Jiangsu Sunkaier Industrial Technology Co., Ltd.
Jiangsu Sunkaier Industrial Technology Co., Ltd.


SUNKAIER process has the process technology for the styrenics monomer, polymers and related catalyst covering:

  •         Ethylbenzene

  •         Styrene 

  •         GPPS HIPS 

  •         EPS suspension polymerization 

  •         ABS continuous mass polymerization 

  •         SAN




State-of-the-art technology to produce high-purity ethylbenzene (EB) by liquid-phase alkylation of benzene with ethylene. The  EB process uses specially formulated, proprietary zeolite catalyst from . The process can handle a range of ethylene feed compositions ranging from chemical grade (70% ethylene/30% ethane) to polymer grade (100%). Process description:

Benzene and ethylene are reacted over a proprietary zeolite catalyst in a fixed-bed, liquid-phase reactor. Fresh benzene is combined with recycle benzene and fed to the alkylation reactor (1). The combined benzene feed flows in series through the beds, while fresh ethylene feed is distributed between the beds. The reaction is highly exothermic, and heat is removed between the reaction stages by generating steam. Unreacted benzene is recovered from the overhead of the benzene column (3), and EB product is taken as overhead from the EB column (4). A small amount of polyethylbenzene (PEB) is recovered in the over head of the PEB column (5) and recycled back to the transalkylation reactor (2) where it is combined with benzene over a proprietary zeolite catalyst to produce additional EB product. A small amount of flux oil is recovered from the bottom of the PEB column (5) and is usually burned as fuel. The catalysts are non-corrosive and operate at mild conditions, allowing for all carbon-steel construction. The reactors can be designed for 2–5 year catalyst cycle length, and the catalyst is fully regenerable. The process does not produce any hazardous effluent.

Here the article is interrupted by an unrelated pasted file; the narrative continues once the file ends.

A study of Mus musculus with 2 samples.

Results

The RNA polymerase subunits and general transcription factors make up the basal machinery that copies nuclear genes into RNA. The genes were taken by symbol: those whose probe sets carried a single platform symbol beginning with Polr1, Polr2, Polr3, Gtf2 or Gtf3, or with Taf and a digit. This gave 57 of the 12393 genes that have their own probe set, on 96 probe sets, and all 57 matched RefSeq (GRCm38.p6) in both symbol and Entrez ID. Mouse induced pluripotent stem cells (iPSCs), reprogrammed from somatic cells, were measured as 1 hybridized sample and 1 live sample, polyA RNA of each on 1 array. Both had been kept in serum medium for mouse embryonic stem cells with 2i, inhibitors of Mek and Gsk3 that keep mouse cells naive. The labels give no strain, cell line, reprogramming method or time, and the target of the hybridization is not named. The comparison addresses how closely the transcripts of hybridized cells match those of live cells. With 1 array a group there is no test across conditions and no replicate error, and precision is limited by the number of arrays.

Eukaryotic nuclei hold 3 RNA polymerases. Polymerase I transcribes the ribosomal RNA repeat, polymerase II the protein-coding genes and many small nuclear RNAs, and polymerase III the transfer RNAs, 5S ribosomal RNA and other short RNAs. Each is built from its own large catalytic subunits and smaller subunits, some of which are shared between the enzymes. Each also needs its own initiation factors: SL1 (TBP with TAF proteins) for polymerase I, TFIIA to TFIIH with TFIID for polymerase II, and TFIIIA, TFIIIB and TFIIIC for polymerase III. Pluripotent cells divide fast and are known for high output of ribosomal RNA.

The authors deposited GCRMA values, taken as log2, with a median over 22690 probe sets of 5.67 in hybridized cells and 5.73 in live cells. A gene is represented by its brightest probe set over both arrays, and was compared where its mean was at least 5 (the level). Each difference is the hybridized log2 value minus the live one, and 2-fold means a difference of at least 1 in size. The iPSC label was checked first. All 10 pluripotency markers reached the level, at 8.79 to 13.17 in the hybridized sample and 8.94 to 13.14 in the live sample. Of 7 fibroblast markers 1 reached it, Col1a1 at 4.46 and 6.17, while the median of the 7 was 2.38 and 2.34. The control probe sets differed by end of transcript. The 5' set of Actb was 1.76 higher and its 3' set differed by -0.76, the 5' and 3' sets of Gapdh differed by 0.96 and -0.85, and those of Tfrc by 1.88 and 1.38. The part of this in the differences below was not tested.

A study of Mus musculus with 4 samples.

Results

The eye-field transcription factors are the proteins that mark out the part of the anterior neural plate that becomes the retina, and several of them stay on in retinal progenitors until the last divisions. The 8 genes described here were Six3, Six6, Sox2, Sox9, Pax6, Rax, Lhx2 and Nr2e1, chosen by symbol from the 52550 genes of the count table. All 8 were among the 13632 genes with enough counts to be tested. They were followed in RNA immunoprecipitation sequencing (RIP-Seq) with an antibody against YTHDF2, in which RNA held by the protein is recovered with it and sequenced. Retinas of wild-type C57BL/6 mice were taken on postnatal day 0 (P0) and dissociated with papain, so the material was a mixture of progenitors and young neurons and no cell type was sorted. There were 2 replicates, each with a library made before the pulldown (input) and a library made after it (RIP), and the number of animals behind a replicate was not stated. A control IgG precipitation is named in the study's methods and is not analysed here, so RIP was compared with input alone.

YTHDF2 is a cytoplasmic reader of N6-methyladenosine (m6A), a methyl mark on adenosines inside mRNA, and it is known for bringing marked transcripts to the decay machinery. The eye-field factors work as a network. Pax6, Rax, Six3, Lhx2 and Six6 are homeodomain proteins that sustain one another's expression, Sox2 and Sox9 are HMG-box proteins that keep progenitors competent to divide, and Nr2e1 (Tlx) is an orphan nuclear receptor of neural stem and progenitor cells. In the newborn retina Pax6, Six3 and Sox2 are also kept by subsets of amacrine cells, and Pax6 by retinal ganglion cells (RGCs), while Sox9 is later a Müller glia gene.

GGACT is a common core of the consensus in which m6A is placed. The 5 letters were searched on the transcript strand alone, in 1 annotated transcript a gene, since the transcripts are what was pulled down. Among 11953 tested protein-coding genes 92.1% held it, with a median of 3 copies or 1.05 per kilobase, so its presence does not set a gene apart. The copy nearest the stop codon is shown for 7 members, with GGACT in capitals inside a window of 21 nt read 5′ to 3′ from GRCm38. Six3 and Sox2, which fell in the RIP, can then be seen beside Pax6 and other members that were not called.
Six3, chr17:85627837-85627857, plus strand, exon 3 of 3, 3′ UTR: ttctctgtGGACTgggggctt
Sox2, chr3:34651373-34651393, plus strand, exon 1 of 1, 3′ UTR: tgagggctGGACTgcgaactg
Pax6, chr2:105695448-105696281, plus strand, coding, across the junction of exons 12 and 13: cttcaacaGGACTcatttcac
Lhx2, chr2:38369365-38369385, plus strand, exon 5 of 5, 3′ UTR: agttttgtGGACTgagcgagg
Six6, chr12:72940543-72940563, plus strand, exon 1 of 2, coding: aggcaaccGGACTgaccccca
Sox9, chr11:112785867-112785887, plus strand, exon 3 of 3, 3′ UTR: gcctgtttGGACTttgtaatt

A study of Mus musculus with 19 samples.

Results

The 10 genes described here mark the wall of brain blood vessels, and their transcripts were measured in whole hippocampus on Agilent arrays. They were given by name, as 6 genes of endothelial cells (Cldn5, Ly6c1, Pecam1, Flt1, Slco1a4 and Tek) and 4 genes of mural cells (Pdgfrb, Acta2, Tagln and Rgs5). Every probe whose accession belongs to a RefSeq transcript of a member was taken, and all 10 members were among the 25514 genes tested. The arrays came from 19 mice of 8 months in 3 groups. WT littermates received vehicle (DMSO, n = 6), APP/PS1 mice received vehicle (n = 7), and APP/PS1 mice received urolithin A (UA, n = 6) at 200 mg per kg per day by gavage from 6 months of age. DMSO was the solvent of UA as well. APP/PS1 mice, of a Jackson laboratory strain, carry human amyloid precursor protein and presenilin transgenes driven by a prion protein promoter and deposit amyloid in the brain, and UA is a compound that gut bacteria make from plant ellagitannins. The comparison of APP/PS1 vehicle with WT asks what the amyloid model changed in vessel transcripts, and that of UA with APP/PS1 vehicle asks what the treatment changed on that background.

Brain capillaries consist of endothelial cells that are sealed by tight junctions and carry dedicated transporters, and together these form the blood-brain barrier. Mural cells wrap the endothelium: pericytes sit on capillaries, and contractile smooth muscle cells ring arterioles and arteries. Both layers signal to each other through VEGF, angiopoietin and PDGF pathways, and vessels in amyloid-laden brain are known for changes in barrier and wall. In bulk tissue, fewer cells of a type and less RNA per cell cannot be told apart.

Yields and product quality:

Both the alkylation and trans-alkylation reactions are highly selective, producing few byproducts. The EB product has a high purity (99.9 wt% minimum) and is suitable for styrene unit feed. Xylene make is less than 10 ppm. The process has an overall yield of more than 99.7%.

Economics: The EB process features consistently high product yields over the entire catalyst life cycle, high product purity, low energy consumption, low investment cost, and simple, reliable operation.

Typical raw material and utilities, per metric ton of EB

Ethylene, mtons   0.265

Benzene, mtons   0.738



To produce polymer-grade styrene monomer (SM) by dehydrogenating ethylbenzene (EB) .

Process description: 

In the SM process, EB is catalytically dehydrogenated to styrene in the presence of steam. The vapor phase reaction is carried out at high temperature and under vacuum. The EB (fresh and recycle) is combined with superheated steam, and the mixture is dehydrogenated in a multistage reactor system (1). A heater reheats the process gas between stages. Reactor effluents are cooled to recover waste heat and condense the hydrocarbons and steam. Uncondensed offgas containing mostly hydrogen is compressed and is used as fuel or recovered as a valuable byproduct. Condensed hydrocarbons from an oil/water separator (2) are sent to the distillation section. Process condensate is stripped to remove dissolved aromatics and then used internally for steam generation. A fractionation train (3,4) separates high-purity styrene product; unconverted EB, which is recycled; and the relatively minor byproduct tar, which is used as fuel. In additional columns (5,6), toluene is produced as a minor byproduct and benzene is normally recycled to the upstream EB process. Typical SM product purity ranges from 99.85% to 99.95%. The process provides high product yield due to a unique combination of catalyst and operating conditions used in the reactors and the use of a highly effective polymerization inhibitor in the fractionation columns. Specially designed reactors are used to achieve the oxidation and dehydrogenation reactions. In oxidative reheat, oxygen is introduced to selectively oxidize part of the hydrogen produced over a proprietary catalyst to reheat the process gas and to remove the equilibrium constraint for the dehydrogenation reaction. The process achieves up to about 75% EB conversion per pass, eliminates the costly interstage reheater, and reduces superheated steam requirements.